Progress, but no victories yet, on KC's 'Big 5'
The Kansas City Star
The ‘Big 5’ could really help KC region’s quality of life
The Star’s editorial | Progress? Check. Now let’s see goals achieved
Progress? Check. Now let’s see goals achieved
When will Kansas Citians know the “Big 5” is a true success story? When its sponsors can point to solid achievements that are creating jobs and increasing the region’s quality of life, as originally promised.
That’s not the case — yet — as last week’s reports illustrated during the anniversary of the Greater Kansas City Chamber of Commerce’s Big 5 announcement a year ago. Consider:
- Champions of the effort to revitalize urban neighborhoods said a full-service grocery store is planned at 27th Street and Troost Avenue. That’s good to hear.
It would be even better to learn customers are flocking to an open grocery that provides residents with access to more nutritional food.
- Backers of the Big 5 plan to make Kansas City “America’s most entrepreneurial city” said they had held many brainstorming meetings among investors, entrepreneurs and others. That’s positive.
It would be even better to hear that the champion of this initiative — UMB Bank president and CEO Peter deSilva — along with other bankers were able to report a large upswing in local loans to startup entrepreneurial companies. That would go a long way toward keeping the chamber’s promise of pumping up the area’s job market.
- University of Missouri-Kansas City Chancellor Leo Morton talked about the intriguing Big 5 proposal to move the university’s arts programs to a downtown campus.
However, the university still has to select a site and collect tens of millions of dollars to build the project. As Morton noted, that could include treks to Jefferson City to see whether public money will be available for it.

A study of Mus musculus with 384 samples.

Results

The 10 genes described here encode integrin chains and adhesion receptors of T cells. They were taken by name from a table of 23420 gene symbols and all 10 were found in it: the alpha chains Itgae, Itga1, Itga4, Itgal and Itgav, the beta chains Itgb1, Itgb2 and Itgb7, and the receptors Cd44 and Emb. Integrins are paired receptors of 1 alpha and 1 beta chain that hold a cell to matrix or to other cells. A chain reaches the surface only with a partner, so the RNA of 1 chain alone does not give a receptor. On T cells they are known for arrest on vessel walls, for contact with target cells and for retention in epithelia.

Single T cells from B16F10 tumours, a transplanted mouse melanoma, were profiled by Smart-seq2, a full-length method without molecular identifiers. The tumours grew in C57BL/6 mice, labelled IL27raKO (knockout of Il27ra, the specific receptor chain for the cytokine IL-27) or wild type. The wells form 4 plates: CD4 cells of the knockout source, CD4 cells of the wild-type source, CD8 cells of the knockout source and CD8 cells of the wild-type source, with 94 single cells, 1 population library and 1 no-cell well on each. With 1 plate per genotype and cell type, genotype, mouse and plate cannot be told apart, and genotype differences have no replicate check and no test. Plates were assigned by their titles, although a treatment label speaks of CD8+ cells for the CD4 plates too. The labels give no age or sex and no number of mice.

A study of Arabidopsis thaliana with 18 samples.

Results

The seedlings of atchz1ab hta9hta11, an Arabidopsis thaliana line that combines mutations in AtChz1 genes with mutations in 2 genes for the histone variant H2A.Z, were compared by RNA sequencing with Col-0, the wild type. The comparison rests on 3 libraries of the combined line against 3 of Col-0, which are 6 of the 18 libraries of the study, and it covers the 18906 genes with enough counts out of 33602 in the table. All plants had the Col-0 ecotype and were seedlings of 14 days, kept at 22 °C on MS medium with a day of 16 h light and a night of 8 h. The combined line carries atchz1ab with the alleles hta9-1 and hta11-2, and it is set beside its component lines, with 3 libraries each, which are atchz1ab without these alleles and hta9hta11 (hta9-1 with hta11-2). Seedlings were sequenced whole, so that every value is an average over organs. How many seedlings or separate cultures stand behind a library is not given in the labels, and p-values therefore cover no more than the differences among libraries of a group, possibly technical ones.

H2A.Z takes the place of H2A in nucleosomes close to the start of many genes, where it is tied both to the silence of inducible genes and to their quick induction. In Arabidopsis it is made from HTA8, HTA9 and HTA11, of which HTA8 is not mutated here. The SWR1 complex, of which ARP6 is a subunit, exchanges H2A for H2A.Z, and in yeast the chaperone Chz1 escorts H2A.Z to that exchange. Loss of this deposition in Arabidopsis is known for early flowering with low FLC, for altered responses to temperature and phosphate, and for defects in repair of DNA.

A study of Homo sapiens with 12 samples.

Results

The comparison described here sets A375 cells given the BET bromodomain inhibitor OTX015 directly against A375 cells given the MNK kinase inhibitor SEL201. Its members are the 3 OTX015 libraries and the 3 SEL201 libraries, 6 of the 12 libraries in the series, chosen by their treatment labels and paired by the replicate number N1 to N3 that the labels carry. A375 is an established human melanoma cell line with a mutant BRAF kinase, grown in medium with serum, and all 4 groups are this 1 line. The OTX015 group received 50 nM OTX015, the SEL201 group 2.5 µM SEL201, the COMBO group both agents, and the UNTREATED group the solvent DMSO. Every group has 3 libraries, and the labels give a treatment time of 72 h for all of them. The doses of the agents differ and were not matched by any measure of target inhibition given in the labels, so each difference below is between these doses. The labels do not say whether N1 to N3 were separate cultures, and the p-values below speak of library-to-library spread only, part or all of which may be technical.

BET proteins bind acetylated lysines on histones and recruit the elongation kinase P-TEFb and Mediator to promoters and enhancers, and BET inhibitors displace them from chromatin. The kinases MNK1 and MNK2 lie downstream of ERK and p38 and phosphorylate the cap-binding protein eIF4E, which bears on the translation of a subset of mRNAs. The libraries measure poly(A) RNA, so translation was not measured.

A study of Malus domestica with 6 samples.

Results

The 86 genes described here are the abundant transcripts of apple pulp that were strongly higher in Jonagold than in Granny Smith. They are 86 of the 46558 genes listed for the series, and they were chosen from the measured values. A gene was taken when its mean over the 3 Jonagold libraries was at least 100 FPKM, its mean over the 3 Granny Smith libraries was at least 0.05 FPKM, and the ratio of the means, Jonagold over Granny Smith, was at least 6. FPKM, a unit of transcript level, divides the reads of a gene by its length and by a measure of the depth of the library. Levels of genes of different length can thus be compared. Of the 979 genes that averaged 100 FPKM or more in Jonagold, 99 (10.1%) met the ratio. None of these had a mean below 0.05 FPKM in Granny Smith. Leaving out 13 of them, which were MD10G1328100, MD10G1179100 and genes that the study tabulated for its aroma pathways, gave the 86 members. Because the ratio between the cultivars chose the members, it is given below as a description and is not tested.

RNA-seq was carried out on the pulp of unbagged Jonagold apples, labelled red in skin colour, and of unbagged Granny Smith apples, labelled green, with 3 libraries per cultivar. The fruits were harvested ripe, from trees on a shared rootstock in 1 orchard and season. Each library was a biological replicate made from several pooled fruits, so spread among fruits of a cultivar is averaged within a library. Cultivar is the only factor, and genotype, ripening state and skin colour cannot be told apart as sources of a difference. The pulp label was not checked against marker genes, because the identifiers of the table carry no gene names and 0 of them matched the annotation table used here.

- Supporters of the plan to improve medical research praised the recent designation of the University of Kansas Cancer Center as a National Cancer Institute, which will bring in additional research funds.
Many more positive steps would result, though, when discoveries made locally are leading to cures for patients everywhere, as the Big 5 plan envisions.
- Finally, proponents of an international symposium on innovation in animal health had less news; the tentative date is September, 2014.
No one expected all or even any of the Big 5 to be fully in place by now. Last fall Jim Heeter, chamber president and CEO, vowed that civic officials would aggressively pursue the ideas and continually update the community about them.
Chamber Chairman Frank Ellis continued that theme last week, saying, “We’ve spent this year building the foundations for success — including data collection, research, and fundraising. … The chamber is in this for the long haul.”
The prep work is crucial.
The chamber’s efforts, for instance, have led to formation of a nonprofit group called The Urban Neighborhood Initiative. Next month it plans to release a draft agenda to improve conditions in the first selected neighborhood area near Troost. The proposal intends to include good ideas on how to reduce crime, create jobs and improve schools.
Chamber officials and champions of the Big 5 deserve much credit for the work done so far. Now the area awaits more progress before victory can be proclaimed on these critical initiatives.